Those receiving aid in Finland as victims of human trafficking grew with a hundred more new entrants in 2017, reaching a record 300 people, according to Finnish media.
The number of clients in the Finnish aid system, the Hufvudstadsbladet daily reported, increased dramatically in 2017, reaching a record number of people. There may even be more victims of sex-related human trafficking as they often remain unidentified.
The rise in the number of victims come as a result of the increase in the number of asylums seekers.
“One big concern is that we are too bad at recognizing and detecting trafficking in human beings involving sexual exploitation in Finland. The proportion [of the cases detected] is eye-catchingly small,” Venla Roth, Senior Inspector at the National Trafficking Rapporteur’s Office at the Discrimination Ombudsman’s agency, said.
Katri Lyijynen, senior inspector of the aid system for victims of human trafficking under the Finnish Migration Board, explained that in most cases, the trafficking has taken place outside of Finland.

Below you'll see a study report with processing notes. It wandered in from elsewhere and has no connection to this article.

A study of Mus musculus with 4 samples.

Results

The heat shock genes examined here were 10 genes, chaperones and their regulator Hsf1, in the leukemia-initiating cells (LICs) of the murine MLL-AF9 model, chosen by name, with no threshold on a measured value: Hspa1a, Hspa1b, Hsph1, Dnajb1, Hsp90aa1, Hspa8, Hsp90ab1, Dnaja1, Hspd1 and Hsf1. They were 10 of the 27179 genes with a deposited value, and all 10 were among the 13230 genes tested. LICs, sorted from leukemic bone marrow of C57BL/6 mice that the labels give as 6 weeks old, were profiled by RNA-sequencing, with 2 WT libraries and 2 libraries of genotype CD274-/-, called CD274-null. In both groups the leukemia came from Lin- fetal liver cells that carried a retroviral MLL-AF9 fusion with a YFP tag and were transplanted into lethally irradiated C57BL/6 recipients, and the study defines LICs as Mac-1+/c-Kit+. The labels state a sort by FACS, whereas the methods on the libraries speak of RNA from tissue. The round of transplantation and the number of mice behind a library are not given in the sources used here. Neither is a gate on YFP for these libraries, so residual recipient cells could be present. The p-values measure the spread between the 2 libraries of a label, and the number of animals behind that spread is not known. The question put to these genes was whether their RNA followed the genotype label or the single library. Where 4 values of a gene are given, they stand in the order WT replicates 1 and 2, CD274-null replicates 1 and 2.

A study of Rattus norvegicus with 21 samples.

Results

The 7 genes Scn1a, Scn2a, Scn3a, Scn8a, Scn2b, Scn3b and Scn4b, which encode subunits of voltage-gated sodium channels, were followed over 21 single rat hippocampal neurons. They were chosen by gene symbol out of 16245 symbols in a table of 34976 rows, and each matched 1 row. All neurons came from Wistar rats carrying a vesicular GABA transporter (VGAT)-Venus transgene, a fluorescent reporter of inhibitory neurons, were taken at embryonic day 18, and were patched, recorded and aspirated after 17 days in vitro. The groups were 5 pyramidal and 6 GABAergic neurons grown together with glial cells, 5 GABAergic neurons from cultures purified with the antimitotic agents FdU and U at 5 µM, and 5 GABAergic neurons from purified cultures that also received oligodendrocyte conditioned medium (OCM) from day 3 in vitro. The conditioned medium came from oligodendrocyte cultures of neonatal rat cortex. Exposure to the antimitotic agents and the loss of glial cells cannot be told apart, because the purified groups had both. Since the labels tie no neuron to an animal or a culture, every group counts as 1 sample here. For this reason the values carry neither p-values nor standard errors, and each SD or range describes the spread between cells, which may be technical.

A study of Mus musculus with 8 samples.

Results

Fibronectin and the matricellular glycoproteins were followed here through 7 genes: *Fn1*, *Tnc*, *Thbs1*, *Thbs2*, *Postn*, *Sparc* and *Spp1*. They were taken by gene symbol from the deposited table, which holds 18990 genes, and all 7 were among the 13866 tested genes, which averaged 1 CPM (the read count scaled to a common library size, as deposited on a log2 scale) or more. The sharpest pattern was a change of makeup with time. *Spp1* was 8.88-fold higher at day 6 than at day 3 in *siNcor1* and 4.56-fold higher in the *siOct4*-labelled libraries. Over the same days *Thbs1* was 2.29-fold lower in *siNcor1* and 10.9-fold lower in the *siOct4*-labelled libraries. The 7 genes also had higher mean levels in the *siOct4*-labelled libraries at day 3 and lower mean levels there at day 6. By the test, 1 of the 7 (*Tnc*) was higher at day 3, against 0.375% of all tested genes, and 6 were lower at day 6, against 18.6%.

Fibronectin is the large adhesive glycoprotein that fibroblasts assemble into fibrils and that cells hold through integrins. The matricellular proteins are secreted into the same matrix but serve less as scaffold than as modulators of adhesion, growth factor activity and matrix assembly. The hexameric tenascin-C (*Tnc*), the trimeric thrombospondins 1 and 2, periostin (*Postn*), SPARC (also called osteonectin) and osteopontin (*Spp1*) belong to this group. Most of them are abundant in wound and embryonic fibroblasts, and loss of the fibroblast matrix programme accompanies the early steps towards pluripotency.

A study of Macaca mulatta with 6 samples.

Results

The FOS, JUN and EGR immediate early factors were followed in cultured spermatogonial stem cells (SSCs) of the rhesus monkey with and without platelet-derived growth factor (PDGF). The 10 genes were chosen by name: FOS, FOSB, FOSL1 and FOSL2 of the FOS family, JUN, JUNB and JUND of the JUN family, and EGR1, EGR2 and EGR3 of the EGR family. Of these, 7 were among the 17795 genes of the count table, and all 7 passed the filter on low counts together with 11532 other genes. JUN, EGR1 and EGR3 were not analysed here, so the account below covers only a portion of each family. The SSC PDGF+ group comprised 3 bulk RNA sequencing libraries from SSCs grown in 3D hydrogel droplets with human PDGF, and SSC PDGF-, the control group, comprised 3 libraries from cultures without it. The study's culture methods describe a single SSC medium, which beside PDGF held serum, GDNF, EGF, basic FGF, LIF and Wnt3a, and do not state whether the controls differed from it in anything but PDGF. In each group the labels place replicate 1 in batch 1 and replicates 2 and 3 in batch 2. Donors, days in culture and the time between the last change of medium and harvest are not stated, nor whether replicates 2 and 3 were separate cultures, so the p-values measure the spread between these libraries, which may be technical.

Both Roth and Lyijynen blamed this on the lack of police resources and insufficient detection methods by law enforcement. Of the 177 cases reported last year, only 10 came were alerts to the police, while 80 cases was registered with the Migration Board.
“Those who sell sex in Finland are not necessarily in contact with any authority, and then they are not likely to come into contact with a police or auxiliary system,” Roth said.
An internal report revealed that of the 177 applications received in 2017, 127 were given aid, and 70 percent of them were asylum seekers.
The majority of the cases included forced labor and sexual exploitation, while forced marriages and other kinds of trafficking were less frequently noted. The majority of victims came from Afghanistan, Somalia, Nigeria and Iraq.
Bosnia and Herzegovina as well as Ukraine also featured on the list. Overall, with more female than male victims.
Although most the cases involving human trafficking occurred outside Finland, an alarming 37 percent of cases were actually reported in Finland. Again, the most common cases involved forced labor and sexual exploitation as the most common types of human trafficking noted.
Another challenge that remains is the gathering of evidence on human trafficking. In cases where such crimes was carried out abroad, the burden of proof seems almost insurmountable.
Domestic cases, on the other hand, are much easier to investigate, Lyijynen said.
There are however growing problems that arise from the administrative classification system, suggesting that the person may no longer be eligible for help depending on how the crime is classified, despite having been the victim of serious offences.